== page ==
Yeah, I dress for the slide… not the ride, even when it’s hot.

I had to run a few errands this afternoon and, as I often do when I don’t need to carry much on an errand, I used my motorcycle because I simply prefer to ride on something two-wheels vs. in something with four wheels and, well, it gets about 38 mpg which is nice.

At one of my stops a friend who also rides motorcycles was amazed that I was dressed in full gear despite the 97° temperature and blazing hot sun.  I’ve often gotten this from co-workers when they see me walking in from or out to the parking lot on hot days in my jacket, over pants and boots.

I think a lot of it stems from the fact that I started out riding dirt bikes back when I was about 13 years old and we always geared-up because the odds of ending up on the ground was always pretty high, it was a regular occurrence. A few years later when I got my first street bike — a 1977 Honda CB550F SuperSport – I simply carried the habit with me: boots, at least denim pants, a leather jacket, leather gloves and a full-face helmet were the norm.  I had an open face helmet as well, but since I always rode sport bikes that didn’t have wind screens, it just made sense to protect your face from bugs, dust, rocks and other ‘stuff’ that came your way on the open road, noting that I would regularly make a 320 mile round trip between our home near Chicago and Kokomo, Indiana.

As the sport bikes I rode got bigger and faster, wearing full gear just seemed to make sense, even though logic seemed to suggest that the guys riding cruisers and choppers with not much more than jeans and T-shirts never seemed all that worse for wear.  While living in California I came to know some guys who raced their sport bikes at the various speedways in Southern California and did a couple of track days where I learned the value of a one-piece, full leather suit with padding, full-face helmet, calve-high boots and having gloves that stayed on your hands while a rider was skidding along on asphalt on the way to the grass, gravel trap or desert.   Mind you, this was in a place that was designed to be safe when someone crashed, i.e., no curbs, light poles, trees, bridge abutments, guard rails or other immovable objects that could to serious harm to you if you happened to get knocked off  your riding line or bike and physics took over.

So, to this day, I still suit-up even when it’s 100° under the premise that “I’d rather sweat than bleed, cause sweat washes off and that’s that”. And, some of the more advanced textile mesh fabrics actually provide for a very comfortable ride even when it’s hot, that is so long as you’re moving and not sitting at a stop light baking in the sun. Over the years this has paid off several times during minor on-road incidents: hey, you ride a motorcycle long enough you’re going to go down and/or have a collision.  I’ve had my share of both and only have one scar over a knee to show for it where the denim wore away during a face-down slide across the road after the rear wheel of my Honda washed out on some oil.

For my daily ride to work, it’s typically pretty cool at 6am when I ride in so the extra layer of clothing is actually quite nice. And, as is often times the case, I don’t leave work until about 6:30pm – 7:30pm in the evening, at which point it’s usually a bit cooler. So that all works well.

Yes, Debbie has a full set of riding gear as well: boots, over pants, jackets, gloves, helmets… the whole kit and caboodle. Sadly, I sold our BMW R1150RT touring bike because we just didn’t find the time to go and ride it so her gear collects dust for the most part. Therefore, if and when we ever get another bike for two-up riding, she’s all set and is a trooper about wearing the gear.  I think in her soul she’d rather be wearing jean and T-shirt with her hair blowing in the wind on the back of a cruiser… which is true for me too.  And, perhaps if we ever got a cruiser and did the slow see and be seen rides that would be OK, but I’d really feel like an idiot if after spending 38-years riding geared-up I found one or both of us covered in road rash (or worse) because we didn’t.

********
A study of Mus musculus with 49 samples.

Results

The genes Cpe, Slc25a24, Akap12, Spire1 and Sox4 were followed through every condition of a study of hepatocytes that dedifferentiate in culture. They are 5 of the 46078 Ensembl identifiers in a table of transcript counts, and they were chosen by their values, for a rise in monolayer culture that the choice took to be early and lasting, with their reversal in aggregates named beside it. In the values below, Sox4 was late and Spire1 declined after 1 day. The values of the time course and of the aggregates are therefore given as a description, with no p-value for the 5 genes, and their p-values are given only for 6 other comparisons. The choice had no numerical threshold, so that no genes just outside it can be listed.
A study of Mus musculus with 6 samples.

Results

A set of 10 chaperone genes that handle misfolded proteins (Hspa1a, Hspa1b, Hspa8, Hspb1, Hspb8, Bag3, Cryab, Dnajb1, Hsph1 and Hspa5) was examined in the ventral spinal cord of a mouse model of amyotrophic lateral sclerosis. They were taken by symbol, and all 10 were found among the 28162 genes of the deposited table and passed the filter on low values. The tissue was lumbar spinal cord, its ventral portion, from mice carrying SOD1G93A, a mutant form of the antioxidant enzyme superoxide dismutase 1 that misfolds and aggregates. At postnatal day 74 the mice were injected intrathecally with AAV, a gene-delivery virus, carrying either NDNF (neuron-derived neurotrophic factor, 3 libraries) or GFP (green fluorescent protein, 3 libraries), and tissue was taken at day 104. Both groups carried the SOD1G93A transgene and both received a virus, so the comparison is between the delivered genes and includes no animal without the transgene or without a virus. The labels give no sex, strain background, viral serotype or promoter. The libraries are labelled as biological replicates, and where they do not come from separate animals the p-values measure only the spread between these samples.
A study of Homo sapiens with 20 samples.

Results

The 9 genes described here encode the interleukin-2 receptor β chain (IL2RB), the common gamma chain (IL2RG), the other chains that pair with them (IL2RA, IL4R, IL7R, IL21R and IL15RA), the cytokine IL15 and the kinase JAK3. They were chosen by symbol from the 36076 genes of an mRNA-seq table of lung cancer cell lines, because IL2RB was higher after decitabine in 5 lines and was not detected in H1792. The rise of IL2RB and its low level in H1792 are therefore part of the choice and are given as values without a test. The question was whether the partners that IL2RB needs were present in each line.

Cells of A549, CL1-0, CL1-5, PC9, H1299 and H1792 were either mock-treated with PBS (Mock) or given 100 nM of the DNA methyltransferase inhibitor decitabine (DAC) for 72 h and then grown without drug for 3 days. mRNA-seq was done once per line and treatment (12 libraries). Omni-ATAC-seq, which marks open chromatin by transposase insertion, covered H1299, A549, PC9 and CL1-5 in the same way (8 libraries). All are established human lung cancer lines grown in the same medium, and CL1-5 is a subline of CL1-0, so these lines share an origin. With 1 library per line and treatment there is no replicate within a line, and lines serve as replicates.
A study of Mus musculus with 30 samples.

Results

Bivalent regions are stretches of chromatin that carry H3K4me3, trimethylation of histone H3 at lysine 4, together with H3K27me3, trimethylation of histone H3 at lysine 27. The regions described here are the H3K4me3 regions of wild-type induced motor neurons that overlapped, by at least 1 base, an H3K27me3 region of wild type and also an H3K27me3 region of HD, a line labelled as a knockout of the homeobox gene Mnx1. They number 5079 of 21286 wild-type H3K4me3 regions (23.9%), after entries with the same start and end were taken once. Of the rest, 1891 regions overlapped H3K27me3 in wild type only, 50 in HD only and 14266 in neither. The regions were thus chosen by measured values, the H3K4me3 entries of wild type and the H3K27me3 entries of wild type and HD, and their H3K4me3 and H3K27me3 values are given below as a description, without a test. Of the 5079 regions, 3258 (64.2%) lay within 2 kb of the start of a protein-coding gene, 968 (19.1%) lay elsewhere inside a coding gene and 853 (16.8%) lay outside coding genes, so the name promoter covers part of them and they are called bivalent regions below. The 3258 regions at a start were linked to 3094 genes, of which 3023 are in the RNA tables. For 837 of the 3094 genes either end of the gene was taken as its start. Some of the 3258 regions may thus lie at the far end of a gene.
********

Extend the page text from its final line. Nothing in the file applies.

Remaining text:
Bottom Line: Is this overkill?  Probably.  Will I ever ride without full or nearly full-gear (noting I do occasionally forego the over pants), every once in a while I do… and of course when I do that I think to myself, you’re really going to feel like an ever bigger idiot if you wind up getting skin grafts because you didn’t want to bother with over pants today.

Counterpoint:  Yes, I freely admit that my logic for safety gear on a motorcycle does not seem to translate to my bicycle attire. When riding our bicycles the only real protection we have is our wits.  Sure, that little plastic hat will keep minor bumps, falls and collisions from causing serious damage to your skull, but that’s about it. Those plastic pants and plastic jersey will be shredded the minute they hit asphalt…  and given that we bomb down mountains at better than 50 mph now and again, it sure doesn’t seem to make sense.  Cest la vie.


I've been around a bit and done a few things, have a couple kids and a few grandkids. I tend to be curmudgeonly, matter-of-fact and not predisposed to self-serving chit-chat. Thankfully, my wife's as nice as can be otherwise we'd have no friends. My interests are somewhat eclectic, but whose aren't?

  1. Ken says:

    ATGATT-All The Gear All The Time. When I decided to get back on a bike a few years back, the only stipulation the better half has was “no road rash.” I might get a little warm on the sunny days sitting in traffic, but all I need to do is read about someone dealing with road rash from a instant off. Not the way I want to spend my time, or my money. We both have full gear and ride our K1200LT for leisure trips mainly, but I use it for commuting too a bit. DC is not the most bike (either type) friendly place!